Sheffield United: Over two-thirds of football fans say VAR makes football less enjoyable... but only 15% would SCRAP it entirely
It’s a system that has caused controversy throughout the country since its introduction into the Premier League – and Sheffield United have suffered more than other clubs through VAR.
But, in a YouGov poll of football fans, only 15 per cent would scrap the system entirely – despite over two thirds of fans saying it makes football less enjoyable.
The poll found:
That 67 per cent of fans say VAR has made watching football less enjoyable. That 60 per cent of fans say VAR has worked badly. That eight per cent of fans want to keep using VAR as it is used now. That 74 per cent of fans say keep using VAR, but change the ways it is used. That 15 per cent of fans want to stop using VAR entirely.
The Premier League has conducted its own research into the use of VAR, the findings of which will be presented to United and the other 19 Premier League clubs on Thursday at a routine league meeting in London.
Fans also voted in favour of a time limit on decisions (71 per cent), for the use of pitchside monitors (80 per cent) and to hear conversations between referees and VARs (73 per cent).
The game’s lawmakers currently prevent clips being shown on big screens in stadiums until a referee has made his or her decision.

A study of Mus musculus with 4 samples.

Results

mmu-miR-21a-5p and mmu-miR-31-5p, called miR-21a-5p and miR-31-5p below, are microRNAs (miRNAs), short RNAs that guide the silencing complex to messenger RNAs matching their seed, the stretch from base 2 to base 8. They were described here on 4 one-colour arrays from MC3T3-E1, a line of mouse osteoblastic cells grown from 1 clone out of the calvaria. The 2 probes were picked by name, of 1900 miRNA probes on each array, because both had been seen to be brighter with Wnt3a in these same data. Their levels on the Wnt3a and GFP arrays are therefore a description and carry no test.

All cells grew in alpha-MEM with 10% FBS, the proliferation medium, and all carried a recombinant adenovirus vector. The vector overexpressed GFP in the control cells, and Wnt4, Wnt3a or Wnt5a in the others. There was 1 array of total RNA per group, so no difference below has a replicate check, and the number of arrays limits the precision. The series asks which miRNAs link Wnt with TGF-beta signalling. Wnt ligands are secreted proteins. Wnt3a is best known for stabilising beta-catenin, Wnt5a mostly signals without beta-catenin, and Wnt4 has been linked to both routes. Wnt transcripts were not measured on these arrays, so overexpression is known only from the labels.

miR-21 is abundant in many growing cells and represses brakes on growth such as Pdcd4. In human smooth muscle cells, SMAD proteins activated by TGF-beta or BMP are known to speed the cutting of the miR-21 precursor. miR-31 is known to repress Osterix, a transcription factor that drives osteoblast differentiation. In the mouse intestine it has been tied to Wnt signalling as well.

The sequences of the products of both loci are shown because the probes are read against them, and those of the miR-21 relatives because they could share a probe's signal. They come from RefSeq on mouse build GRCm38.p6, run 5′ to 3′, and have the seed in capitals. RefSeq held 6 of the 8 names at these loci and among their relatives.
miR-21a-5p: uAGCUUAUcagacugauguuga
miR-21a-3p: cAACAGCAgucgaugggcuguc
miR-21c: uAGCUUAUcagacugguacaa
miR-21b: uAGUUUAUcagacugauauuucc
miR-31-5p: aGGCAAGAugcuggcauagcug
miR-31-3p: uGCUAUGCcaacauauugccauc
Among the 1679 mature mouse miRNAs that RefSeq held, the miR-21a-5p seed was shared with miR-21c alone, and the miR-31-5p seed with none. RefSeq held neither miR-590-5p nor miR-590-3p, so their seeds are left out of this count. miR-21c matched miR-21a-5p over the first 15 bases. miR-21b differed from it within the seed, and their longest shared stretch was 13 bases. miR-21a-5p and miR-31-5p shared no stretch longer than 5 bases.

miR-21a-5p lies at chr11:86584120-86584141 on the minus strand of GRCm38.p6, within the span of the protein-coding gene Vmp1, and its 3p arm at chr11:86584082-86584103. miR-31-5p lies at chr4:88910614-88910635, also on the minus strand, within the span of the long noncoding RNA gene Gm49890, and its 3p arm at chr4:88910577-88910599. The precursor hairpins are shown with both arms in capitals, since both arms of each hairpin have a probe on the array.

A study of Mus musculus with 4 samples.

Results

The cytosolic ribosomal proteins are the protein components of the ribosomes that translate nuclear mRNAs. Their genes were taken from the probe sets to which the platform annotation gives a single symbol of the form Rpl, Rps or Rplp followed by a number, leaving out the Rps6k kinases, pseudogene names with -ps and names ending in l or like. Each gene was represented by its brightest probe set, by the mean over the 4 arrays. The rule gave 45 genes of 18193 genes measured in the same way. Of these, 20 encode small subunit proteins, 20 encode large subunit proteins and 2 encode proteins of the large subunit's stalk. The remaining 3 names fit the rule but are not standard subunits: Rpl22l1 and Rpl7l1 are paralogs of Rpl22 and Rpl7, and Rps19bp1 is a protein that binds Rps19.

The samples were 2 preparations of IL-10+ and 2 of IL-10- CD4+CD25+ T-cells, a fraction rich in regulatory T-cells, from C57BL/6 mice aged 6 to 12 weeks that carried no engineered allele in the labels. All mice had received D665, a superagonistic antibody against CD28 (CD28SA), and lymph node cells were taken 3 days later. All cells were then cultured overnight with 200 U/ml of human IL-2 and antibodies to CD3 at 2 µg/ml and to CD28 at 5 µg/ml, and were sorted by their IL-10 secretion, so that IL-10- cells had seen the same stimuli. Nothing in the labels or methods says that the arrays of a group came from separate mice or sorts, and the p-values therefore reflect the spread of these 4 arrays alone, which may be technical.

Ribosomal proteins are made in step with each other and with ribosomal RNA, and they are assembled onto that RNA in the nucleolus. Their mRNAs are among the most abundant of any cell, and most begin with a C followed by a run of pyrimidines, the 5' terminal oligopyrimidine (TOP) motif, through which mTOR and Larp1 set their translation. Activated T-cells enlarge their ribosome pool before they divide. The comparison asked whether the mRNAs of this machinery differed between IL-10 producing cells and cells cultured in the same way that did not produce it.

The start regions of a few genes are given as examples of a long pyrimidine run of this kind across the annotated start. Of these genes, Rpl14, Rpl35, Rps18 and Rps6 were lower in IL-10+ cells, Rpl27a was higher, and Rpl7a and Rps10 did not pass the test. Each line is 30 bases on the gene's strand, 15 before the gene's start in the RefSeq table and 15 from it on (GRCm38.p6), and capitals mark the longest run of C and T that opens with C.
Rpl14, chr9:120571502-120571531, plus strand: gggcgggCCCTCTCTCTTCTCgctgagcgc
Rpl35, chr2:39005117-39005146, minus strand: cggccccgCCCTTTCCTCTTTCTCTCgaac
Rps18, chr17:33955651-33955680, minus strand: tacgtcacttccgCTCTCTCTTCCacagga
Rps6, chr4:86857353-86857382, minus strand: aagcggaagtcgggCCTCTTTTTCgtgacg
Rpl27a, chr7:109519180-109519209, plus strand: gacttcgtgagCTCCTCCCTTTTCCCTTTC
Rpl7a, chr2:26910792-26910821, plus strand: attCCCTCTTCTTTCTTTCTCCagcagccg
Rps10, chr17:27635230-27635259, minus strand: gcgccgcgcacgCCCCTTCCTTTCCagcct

For the survey YouGov interviewed 1,419 GB adults “who watch Premier League matches very or fairly frequently.”
Just four per cent believe VAR has worked "very well” since its introduction to the Premier League.
Sky Sports’ Gary Neville said: "This idea that VAR is ruining football? It's not. What's happening is that VAR is experiencing some turbulence. When I went to Stockley Park earlier in the year, I had some concerns that we thought we could 'do it better' than countries and tournaments that have been doing it for years.
"It's been experimented, used and tested, and we thought we could do it better by not allowing the referee to go over to the monitor, because he's 'emotional'. We want emotion, we want the referee in the stadium to make the final decision.
"[They] want the Stockley Park officials removed from what would be the 'smell of the fixture', and I understand that, and for offsides that is fine, but not for decisions that relate to a red card, or big penalty decisions, it should be made by the on-field referee.”